VIENNA - Demolition of the former Johns Manville plant is continuing and officials hope the site will open up for development.
Bob Childers, a Huntington developer and owner of Structure Resources Inc. and Childers Properties, bought the 35-acre property in July.
Demolition has begun under the guidelines of the state's Voluntary Remediation Program to clean up contaminated sites and redevelop abandoned and under-utilized properties, Childers said.
Photo by Brett Dunlap
The Johns Manville plant near Vienna is in the process of being torn down and the site cleaned up to open the site for development.
Childers hired Eaves Recycling Inc. of Huntington to handle the demolition. "We want to make sure the site is OK for development," Childers said of getting the certification process from the state.
"We have entered into the site," Childers said.
The first four months of the project have been an evaluation of the site and what is there.
Demolition of the former Johns Manville plant near Vienna continues under the guidelines of the West Virginia Voluntary Remediation Program to clean up contaminated sites, developer Bob Childers said.
The first four months of the project were spent evaluating what is there. Work has begun on asbestos assessment and removal. Childers estimates it will take a year to tear down the old plant.
"We are behind schedule," Childers said. "However, we have revised our schedule to adjust for our other work loads."
They have now budgeted for 12 months to handle the demolition work, he said.
"We will be taking down the plant for a year," Childers said.
Work on asbestos assessment and removal is under way.
They are also concentrating on small areas right now for demolition work.
"We are probably between 5-and-10 percent complete on demolition," Childers said.
The demolition will be done in sections.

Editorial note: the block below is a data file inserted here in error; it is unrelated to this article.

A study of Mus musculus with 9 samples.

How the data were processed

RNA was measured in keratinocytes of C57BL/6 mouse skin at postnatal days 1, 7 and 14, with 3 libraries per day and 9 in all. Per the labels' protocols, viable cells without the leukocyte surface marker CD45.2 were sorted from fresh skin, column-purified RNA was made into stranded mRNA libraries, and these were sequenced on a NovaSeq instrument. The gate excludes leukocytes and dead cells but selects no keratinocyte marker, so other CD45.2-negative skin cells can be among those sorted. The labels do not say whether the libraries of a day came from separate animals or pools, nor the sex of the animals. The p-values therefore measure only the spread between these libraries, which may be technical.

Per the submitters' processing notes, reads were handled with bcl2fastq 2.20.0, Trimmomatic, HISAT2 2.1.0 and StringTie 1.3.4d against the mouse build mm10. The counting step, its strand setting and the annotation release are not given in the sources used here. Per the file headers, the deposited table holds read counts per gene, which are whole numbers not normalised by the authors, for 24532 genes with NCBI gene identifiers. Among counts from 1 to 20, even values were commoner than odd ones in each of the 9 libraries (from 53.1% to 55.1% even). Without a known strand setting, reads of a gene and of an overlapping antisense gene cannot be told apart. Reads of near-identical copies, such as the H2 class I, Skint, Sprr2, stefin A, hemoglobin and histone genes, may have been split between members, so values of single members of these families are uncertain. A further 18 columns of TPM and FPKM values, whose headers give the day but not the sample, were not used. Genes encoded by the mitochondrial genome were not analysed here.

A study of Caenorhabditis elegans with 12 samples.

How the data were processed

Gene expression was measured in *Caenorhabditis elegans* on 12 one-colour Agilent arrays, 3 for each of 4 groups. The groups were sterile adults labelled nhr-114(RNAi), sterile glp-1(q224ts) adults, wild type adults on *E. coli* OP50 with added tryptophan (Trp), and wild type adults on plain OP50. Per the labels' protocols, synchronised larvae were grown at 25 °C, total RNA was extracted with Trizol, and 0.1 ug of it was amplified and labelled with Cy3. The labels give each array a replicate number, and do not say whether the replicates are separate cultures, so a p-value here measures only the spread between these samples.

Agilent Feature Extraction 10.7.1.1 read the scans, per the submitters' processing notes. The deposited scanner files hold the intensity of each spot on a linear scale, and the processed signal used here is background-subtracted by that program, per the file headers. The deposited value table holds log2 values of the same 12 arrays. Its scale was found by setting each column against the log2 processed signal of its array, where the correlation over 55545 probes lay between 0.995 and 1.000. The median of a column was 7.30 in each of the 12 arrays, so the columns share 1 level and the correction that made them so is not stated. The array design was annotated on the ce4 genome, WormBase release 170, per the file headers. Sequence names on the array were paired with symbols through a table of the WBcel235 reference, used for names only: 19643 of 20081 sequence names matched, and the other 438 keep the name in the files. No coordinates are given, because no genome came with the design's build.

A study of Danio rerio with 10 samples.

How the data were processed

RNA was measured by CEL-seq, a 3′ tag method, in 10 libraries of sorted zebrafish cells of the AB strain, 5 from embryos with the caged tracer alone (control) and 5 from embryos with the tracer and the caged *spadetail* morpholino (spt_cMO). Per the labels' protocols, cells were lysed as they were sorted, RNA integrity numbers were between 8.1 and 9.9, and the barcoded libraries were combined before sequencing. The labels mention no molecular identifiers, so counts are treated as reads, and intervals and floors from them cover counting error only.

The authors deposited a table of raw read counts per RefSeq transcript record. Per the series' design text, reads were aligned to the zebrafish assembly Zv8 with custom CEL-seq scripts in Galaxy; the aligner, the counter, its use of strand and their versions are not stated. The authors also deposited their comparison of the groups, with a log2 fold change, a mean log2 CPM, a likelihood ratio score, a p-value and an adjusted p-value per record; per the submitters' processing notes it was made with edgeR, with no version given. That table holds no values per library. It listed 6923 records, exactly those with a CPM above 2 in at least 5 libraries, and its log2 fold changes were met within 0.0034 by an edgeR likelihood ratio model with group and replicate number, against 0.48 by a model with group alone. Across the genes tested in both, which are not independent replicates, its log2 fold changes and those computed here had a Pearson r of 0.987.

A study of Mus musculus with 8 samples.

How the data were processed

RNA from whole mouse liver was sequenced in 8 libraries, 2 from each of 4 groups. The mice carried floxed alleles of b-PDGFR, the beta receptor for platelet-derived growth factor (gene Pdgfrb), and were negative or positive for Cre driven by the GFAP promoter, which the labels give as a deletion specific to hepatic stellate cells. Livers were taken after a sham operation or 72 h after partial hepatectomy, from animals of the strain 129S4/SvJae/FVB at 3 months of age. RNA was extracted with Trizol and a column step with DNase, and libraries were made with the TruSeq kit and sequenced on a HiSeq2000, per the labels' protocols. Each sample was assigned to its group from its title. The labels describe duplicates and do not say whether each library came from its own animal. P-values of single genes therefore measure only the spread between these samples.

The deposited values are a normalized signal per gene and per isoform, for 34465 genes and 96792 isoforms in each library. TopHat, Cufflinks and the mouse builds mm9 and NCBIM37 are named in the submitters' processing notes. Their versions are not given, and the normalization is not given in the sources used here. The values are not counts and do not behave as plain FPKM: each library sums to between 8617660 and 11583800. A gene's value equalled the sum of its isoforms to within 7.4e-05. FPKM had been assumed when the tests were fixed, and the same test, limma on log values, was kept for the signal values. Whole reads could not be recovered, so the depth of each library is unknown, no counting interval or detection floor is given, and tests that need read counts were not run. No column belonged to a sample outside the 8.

Childers has said he did not want to go in and just start tearing down the property. He wanted to take it apart in a safe manner, removing things such as asbestos and other potential contaminates from the plant safely.
They have increased their scrap production and will be soon bringing in additional people and equipment to do more work, he said.
One property sale has already been held for some of the property parcels outside the plant's fence.
Childers said there were around 6 acres with 15 parcels outside the plant available for sale. Another sale will be planned in the future.
The plant originally opened in 1908 as a Vitrolite glass factory and began production in 1908 as the Meyercord-Carter Co. It became a Johns Manville plant in 1952 and continued for a number of years. Johns Manville is a manufacturer and marketer of building insulation, commercial roofing, roof insulation and specialty products for commercial, industrial and residential applications.
Childers specializes in doing "brownfield projects" involving cleaning up properties that might have had potentially hazardous chemicals on the property. Childers has done development projects in the Huntington area and elsewhere, including Commerce Park (a former brownfield project), Cabell Gateway, the Teays Commons business park, the East Hills Professional Center, the West Hills Professional Center, townhouse and apartment complexes.
Cam Huffman, president of the Area Roundtable, said preliminary talks have taken place about what will be built on the site.
"They want to sit down soon and discuss what they want to go on that site," he said. "They are taking a piece of property that has been underutilized and opening it up for economic development.
"They are also cleaning up a location that needed to be cleaned up. That is great for everyone."